Concept and aims

The Poacher Line Community Rail Partnership had identified a neglected piece of land, including an old station building, next to Bottesford Station that they felt had the potential to be transformed for community use and become a friendly garden.

The line officer held forums and attended parish council meetings to ascertain what local residents might like to see the land used for, and a community garden open to all was the desired option, an idea that had been discussed in the village for some years.

After seeing the success of projects with other community rail partnerships, as well as acknowledging a gap in their own gardening knowledge, the Poacher Line successfully engaged The Bee Friendly Trust as its main partner on the project. A plan was subsequently drawn up to clear the land and create a garden, wildlife haven, and educational space.

What happened

The transformation of the site was split into three phases; community research, permissions, planning and funding; clearing the site to create the garden; and finally redeveloping the building. Costings were made and £32,000 worth of funding was acquired. The Vale of Belvoir Lions group also donated a completely recycled plastic bench, and in-kind support in terms of volunteer time and water access came from East Midlands Trains, Network Rail and station neighbours.

Project planning was done in stages, with consultations held locally alongside communications via social media. The local primary school and Beaver group designed different aspects of the garden, with eco-friendly options, such as water butts, used wherever possible. After the land was cleared by a contractor, seven community clear-up days were held over a six-month period, attended by more than 90 volunteers. The garden was then developed with the building of raised beds and paths, a rockery, a greenhouse, a pond and a composter, coupled with the planting of wildflowers and fruit trees.

Using their initial funding award, the partnership cleared debris from the building, before having it painted, re-roofed and re-pointed. Further work to reinstate electricity and water supplies to the building is planned, with the aim of providing station adopters and users of the garden access to an education and storage space.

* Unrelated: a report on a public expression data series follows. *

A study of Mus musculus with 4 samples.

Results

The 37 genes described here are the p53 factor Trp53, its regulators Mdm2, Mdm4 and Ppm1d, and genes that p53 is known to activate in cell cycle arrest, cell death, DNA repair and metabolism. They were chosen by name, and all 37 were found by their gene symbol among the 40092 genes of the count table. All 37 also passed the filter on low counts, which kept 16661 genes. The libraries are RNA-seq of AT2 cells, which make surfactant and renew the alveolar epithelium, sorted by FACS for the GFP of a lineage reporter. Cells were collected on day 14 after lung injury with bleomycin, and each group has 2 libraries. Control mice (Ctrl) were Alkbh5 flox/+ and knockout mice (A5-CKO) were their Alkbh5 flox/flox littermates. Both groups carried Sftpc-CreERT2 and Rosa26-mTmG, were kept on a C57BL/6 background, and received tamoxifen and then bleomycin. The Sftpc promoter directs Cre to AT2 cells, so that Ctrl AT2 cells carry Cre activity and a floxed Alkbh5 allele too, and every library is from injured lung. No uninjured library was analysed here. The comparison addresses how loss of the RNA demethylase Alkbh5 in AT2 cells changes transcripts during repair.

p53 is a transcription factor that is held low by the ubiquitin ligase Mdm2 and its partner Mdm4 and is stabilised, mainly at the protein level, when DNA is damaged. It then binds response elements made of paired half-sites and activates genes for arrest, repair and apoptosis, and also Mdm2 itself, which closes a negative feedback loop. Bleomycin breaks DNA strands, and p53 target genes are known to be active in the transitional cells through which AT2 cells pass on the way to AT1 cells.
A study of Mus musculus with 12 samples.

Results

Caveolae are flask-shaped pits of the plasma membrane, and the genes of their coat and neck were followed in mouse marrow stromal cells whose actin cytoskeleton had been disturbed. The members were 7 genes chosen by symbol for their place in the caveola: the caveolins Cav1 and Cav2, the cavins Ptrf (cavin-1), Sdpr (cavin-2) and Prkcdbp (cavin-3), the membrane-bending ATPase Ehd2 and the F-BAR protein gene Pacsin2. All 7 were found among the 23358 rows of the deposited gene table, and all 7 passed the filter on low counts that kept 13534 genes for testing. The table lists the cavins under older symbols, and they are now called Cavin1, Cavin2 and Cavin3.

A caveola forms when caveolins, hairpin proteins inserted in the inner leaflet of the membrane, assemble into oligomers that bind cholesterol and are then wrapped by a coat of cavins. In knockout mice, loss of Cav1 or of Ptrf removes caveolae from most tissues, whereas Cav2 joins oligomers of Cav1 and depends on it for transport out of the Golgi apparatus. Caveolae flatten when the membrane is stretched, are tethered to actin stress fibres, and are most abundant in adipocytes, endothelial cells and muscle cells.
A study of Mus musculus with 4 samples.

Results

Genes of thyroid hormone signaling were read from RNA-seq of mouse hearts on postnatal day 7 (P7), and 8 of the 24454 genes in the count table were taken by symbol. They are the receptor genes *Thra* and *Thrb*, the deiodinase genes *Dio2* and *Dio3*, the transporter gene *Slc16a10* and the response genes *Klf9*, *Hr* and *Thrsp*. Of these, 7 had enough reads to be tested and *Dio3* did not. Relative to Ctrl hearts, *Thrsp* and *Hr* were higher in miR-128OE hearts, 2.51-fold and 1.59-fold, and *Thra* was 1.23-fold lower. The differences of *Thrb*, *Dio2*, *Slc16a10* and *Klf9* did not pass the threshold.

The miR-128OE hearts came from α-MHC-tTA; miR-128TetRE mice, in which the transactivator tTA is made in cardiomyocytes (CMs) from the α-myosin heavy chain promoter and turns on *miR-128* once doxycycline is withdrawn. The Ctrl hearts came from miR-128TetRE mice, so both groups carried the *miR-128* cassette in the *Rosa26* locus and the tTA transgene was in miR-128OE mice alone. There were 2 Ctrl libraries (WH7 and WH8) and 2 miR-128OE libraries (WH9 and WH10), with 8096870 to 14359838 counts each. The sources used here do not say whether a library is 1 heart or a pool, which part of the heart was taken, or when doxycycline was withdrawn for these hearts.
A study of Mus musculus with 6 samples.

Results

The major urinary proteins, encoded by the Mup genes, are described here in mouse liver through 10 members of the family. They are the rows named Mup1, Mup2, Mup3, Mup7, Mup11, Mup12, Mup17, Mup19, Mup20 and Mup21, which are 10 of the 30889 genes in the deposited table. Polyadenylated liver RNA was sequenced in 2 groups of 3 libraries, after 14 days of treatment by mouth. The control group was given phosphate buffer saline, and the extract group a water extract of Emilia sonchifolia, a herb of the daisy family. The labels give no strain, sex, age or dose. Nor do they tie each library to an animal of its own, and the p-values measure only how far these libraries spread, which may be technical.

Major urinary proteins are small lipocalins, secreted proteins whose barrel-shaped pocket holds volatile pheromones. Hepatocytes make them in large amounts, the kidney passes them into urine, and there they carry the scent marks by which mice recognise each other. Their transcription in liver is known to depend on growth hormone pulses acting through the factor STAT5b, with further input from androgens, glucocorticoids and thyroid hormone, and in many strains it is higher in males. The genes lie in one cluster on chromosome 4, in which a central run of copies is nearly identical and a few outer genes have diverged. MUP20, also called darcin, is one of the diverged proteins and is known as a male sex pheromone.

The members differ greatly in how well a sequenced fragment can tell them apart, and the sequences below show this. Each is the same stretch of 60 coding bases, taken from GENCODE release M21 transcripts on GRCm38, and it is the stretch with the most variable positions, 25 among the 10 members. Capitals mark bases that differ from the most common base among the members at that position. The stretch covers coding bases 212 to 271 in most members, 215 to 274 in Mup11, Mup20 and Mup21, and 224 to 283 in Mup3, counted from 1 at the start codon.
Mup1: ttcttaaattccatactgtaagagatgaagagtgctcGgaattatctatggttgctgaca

The grand opening of the new site officially took place in June with Her Grace, the Duchess of Rutland, cutting the ribbon in front of all those who had volunteered their time and worked so hard over the previous 18 months.


As a result of the project, the partnership now has four station adopters at Bottesford who are working together to form a ‘Friends Of’ group. One of the adopters works at the local secondary school, and has started a gardening club based at the station with eight students. The local Beaver group has also visited the site to install four miniature bug hotels.

The partnership launched a competition to pick the name of the garden, with the top five entries put to a public social media vote. The winner was chosen as ‘Bottesford Friendly Garden‘, or ‘ The BFG’ for short.

Once the building is fully restored, the education space will be fitted out with boards containing wildlife facts and the story behind the garden’s creation. The partnership also has plans to team up with ‘The Friendly Bench’ – a community project in Bottesford that tackles loneliness and social isolation – to develop some joint initiatives.

A Poacher Line spokesman said: “The station is now unrecognisable compared to 18 months ago. It is looking fantastic, is home to many varieties of wildlife, and is a place for the community to enjoy.”